Image of Ben Gurion International Airport in Israel [lleewu/Flickr]
Ben Gurion International Airport in Israel [lleewu/Flickr]

The Israel Airports Authority (IAA) has opened a new flight path to Ben Gurion International Airport which sees civilian aircraft flying at low altitude over the outskirts of Ramallah and other West Bank cities, reports Haaretz.

This new route could expose aircraft to ground fire as they pass over the West Bank and poses a “security risk”, but despite this, the new route was approved by the Israeli army. A former high-ranking official at Israel’s Civil Aviation Authority acknowledged the risk but said that in the event of a plane being fired on while using this flight path, the “gates of hell” would be opened against the Palestinians in the occupied territory.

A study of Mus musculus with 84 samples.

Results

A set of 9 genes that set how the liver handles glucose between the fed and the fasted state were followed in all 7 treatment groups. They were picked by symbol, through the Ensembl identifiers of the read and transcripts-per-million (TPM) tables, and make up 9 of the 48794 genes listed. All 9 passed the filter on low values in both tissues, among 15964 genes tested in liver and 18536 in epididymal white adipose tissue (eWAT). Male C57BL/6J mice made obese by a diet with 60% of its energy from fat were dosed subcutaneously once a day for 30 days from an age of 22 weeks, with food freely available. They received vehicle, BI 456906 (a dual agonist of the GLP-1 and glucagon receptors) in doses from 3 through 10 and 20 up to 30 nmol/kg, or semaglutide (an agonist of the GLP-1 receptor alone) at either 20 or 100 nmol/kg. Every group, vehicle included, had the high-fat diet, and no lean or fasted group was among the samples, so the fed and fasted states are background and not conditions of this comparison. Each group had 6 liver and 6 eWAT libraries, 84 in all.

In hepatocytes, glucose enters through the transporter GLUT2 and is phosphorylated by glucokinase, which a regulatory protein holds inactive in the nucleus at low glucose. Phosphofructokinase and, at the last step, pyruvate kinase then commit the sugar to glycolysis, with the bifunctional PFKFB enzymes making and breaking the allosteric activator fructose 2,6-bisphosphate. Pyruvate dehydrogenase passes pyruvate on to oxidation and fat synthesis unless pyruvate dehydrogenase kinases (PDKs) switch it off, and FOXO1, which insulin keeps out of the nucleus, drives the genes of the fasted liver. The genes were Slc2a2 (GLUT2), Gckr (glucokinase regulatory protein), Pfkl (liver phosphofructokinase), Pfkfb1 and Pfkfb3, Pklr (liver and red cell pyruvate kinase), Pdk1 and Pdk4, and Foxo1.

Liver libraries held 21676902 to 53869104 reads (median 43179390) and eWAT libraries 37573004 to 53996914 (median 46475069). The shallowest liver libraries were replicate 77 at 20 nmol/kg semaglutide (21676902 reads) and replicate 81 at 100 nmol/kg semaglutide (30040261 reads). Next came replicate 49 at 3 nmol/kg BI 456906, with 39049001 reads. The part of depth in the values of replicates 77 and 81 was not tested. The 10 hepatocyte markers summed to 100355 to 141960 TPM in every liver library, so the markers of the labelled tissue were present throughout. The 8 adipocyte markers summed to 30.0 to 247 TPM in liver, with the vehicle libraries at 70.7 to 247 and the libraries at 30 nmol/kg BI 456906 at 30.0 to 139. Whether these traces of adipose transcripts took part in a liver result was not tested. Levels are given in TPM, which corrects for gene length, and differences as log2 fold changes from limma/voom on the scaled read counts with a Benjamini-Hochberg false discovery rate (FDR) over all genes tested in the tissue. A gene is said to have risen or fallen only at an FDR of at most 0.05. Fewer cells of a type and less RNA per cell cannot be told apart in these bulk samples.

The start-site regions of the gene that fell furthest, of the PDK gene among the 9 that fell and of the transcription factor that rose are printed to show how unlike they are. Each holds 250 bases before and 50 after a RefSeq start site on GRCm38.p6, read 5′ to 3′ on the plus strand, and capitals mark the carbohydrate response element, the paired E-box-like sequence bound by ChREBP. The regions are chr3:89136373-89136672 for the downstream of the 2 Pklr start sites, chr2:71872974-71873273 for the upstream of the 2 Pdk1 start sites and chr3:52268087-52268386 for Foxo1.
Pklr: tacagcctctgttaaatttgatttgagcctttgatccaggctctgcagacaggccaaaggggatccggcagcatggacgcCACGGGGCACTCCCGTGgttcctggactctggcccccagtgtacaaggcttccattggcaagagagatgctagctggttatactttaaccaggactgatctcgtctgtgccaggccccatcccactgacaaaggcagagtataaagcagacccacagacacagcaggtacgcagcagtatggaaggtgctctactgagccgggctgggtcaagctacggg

A few weeks ago, Israel accused Russia of interfering with GPS systems in its airspace. Russia has rejected the allegations and called them “fake news”. Nevertheless, following reports of aircraft losing signals to their GPS near Ben Gurion Airport, the IAA was forced to stress that “measures are in place to allow safe landings and take offs” at the airport despite the disruption.

Israeli officials also had to stop flights using the former route that avoided overflying the West Bank. They installed a new system that enables aircraft to land when pilots have no visual contact with the runway.

Relations between Israel and Russia are strained, with the former’s “unofficial” interference in the Syrian civil war and regular air strikes on Iranian positions in Syria increasing tensions between Moscow and Tel Aviv.